Popular Misconceptions About Veggies

Fresh or frozen? Cooked or raw? This article explores some of the misconceptions people have concerning vegetables.

Misconceptions surrounding vegetables are numerous. Many are confused as to whether to eat veggies raw or cook them. Are frozen carrots less nutritious than fresh or canned? Are potatoes really that fattening? The answers may be surprising.

The Lettuce Lie

Many people are under the impression that iceberg lettuce contains no nutrients making it a waste of time to eat it and a waste of money to buy it. While it is true that iceberg lettuce is mostly water, it also contains protein, vitamins, minerals and fiber. One cup of this classic salad favorite delivers a significant dose of vitamins K - a nutrient commonly found deficient in the modern diet. Iceberg lettuce is also a good source for vitamin A which is essential for eyesight health.

The Carrot Conspiracy

Are carrots really so high in sugar that they should be avoided? Many people on diets such as the famed high protein diet avoid carrots because they believe that they are too high in sugar. Carrots are a nutrient dense, low calorie food that also contains heart healthy fiber. One cup of carrots contains a scant 52 calories as well as 12 grams of complex carbohydrates. Carrots also contain an important phytochemical called falcarinol which has been studied for its positive protective properties against colon cancer. So while it is true that carrots contain some natural sugar, the pros of eating carrots far out way the cons in most cases.

Is Frozen as Good?

Many people are surprised to find out that some frozen foods are more nutrient rich than fresh. Vegetables begin the process of breaking down nutrients as soon as they are picked. Flash freezing is a process which works to preserve the nutrients in many veggies.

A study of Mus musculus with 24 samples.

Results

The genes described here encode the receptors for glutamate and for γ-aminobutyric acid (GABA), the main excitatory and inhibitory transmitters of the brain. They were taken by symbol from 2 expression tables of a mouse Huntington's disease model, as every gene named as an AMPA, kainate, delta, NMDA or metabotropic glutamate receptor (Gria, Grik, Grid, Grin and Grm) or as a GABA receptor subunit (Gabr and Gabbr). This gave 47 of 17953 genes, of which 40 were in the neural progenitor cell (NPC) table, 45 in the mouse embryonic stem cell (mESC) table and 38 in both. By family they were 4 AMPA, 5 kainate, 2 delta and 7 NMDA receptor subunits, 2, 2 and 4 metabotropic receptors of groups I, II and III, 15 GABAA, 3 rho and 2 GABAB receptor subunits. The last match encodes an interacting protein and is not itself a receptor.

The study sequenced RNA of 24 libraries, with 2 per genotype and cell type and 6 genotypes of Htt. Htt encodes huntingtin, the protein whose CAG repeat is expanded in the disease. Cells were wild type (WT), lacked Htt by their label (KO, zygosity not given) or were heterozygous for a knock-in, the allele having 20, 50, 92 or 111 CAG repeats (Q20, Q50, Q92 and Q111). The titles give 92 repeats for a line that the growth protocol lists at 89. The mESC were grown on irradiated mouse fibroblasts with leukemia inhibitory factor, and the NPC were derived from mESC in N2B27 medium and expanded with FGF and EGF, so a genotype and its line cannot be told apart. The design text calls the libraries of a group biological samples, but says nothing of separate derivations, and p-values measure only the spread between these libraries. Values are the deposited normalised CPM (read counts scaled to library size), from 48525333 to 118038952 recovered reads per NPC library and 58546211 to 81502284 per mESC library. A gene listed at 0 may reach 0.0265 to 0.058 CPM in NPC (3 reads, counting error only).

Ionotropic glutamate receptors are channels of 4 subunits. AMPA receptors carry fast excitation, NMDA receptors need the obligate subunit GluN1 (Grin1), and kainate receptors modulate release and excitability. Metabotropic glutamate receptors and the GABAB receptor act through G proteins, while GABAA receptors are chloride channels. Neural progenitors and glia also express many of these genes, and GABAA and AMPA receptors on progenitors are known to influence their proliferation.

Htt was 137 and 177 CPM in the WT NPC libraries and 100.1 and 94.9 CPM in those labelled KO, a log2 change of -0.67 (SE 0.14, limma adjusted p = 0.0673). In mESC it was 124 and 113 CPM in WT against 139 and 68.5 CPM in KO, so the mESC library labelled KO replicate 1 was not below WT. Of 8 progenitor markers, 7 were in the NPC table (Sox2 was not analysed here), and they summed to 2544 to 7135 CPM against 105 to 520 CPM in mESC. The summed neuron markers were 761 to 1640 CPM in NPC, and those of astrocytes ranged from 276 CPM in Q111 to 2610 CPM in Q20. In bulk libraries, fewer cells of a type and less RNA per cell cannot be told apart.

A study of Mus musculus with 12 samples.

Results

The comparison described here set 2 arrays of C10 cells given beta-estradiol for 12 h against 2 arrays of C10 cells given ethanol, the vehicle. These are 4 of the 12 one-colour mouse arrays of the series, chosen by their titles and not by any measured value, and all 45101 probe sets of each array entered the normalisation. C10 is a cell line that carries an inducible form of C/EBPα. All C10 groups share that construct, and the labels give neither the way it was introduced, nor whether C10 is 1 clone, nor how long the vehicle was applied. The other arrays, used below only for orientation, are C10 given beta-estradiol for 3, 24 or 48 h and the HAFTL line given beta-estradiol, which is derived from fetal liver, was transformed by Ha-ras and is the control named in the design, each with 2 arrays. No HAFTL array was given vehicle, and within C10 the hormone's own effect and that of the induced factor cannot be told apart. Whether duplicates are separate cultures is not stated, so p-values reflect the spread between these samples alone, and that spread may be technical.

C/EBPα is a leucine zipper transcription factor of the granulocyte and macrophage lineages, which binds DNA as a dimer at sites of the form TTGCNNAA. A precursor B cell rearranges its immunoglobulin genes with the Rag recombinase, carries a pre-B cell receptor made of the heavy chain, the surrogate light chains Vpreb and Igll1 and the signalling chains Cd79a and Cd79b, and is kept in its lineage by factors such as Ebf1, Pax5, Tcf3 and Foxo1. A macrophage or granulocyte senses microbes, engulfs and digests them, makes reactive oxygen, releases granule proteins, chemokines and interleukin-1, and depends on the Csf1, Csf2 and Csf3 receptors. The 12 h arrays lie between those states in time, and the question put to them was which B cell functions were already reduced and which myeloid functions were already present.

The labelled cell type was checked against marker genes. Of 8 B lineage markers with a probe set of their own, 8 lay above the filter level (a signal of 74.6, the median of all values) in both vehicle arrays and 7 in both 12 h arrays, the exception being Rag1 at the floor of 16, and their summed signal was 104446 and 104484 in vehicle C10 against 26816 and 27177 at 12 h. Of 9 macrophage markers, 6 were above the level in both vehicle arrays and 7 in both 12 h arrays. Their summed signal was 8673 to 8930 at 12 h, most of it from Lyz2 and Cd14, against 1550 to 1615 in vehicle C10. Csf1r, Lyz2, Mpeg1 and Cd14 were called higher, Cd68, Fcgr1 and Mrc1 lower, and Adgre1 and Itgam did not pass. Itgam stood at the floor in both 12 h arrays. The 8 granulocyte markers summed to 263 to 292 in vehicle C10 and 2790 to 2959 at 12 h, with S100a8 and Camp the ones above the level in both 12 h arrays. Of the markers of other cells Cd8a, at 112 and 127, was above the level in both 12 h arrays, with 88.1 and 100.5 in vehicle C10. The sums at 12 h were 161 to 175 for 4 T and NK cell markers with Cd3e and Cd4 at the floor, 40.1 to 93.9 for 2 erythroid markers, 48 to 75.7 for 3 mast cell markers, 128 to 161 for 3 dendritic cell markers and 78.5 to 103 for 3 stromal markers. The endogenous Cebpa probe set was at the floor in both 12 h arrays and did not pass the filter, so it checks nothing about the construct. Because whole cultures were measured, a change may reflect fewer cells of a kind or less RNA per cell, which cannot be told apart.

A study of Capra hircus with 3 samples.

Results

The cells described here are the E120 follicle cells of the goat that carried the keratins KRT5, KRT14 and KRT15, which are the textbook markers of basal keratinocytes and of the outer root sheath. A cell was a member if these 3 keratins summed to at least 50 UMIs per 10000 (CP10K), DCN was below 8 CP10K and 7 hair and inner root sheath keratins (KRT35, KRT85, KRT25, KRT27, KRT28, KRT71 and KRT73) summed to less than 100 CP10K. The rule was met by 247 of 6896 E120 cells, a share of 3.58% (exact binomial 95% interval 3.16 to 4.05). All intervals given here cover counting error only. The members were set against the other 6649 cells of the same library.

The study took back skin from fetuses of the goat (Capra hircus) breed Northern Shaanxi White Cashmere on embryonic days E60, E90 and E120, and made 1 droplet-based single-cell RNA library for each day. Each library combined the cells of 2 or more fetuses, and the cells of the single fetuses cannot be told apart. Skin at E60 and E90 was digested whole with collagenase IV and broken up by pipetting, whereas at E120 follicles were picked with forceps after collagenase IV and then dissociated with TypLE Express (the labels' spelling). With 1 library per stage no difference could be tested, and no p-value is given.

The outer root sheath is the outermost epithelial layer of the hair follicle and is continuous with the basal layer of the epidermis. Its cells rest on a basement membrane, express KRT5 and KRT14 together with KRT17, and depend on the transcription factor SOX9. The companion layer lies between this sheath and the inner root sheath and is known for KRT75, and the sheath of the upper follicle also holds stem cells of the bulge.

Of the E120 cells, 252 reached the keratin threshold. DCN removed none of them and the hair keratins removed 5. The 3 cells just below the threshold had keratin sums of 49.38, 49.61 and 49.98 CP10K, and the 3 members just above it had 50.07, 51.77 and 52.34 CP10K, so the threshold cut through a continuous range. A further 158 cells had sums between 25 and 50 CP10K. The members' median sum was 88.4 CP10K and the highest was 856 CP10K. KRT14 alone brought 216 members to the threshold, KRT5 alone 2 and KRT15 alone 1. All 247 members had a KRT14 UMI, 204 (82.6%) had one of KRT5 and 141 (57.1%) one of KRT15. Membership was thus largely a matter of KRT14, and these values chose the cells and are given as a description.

To Cook or Not to Cook

It is true that cooking destroys certain nutrients in some vegetables but it is also true that the heat produced by cooking releases other nutrients making them more bioavailable. Some of the nutrients affected by the cooking process include folic acid and vitamin C. Nutrients such as lycopene which is a powerful cancer fighting antioxidant found in tomatoes and tomato products are made more potent by the cooking process. Steaming or roasting is preferred over boiling because it is less destructive to vitamins.

The Potato Myth

The spud is not to blame for the calories and fat contained in a loaded baked potato. There are only about 150 calories and approximately three grams of filling fiber in a small baked potato. This low calorie, low fat food is a perfect choice for dieters. Potatoes also contain a flavenoid called quercetin which has been proven to boost the immune system. In addition, potatoes contain significant amounts of potassium which is known for its ability to lower blood pressure.

Understanding the misconceptions and half truths surrounding vegetable myths can help you eat a more balanced and nutritious diet.



I'm proud to be a veggie. Wonderful article.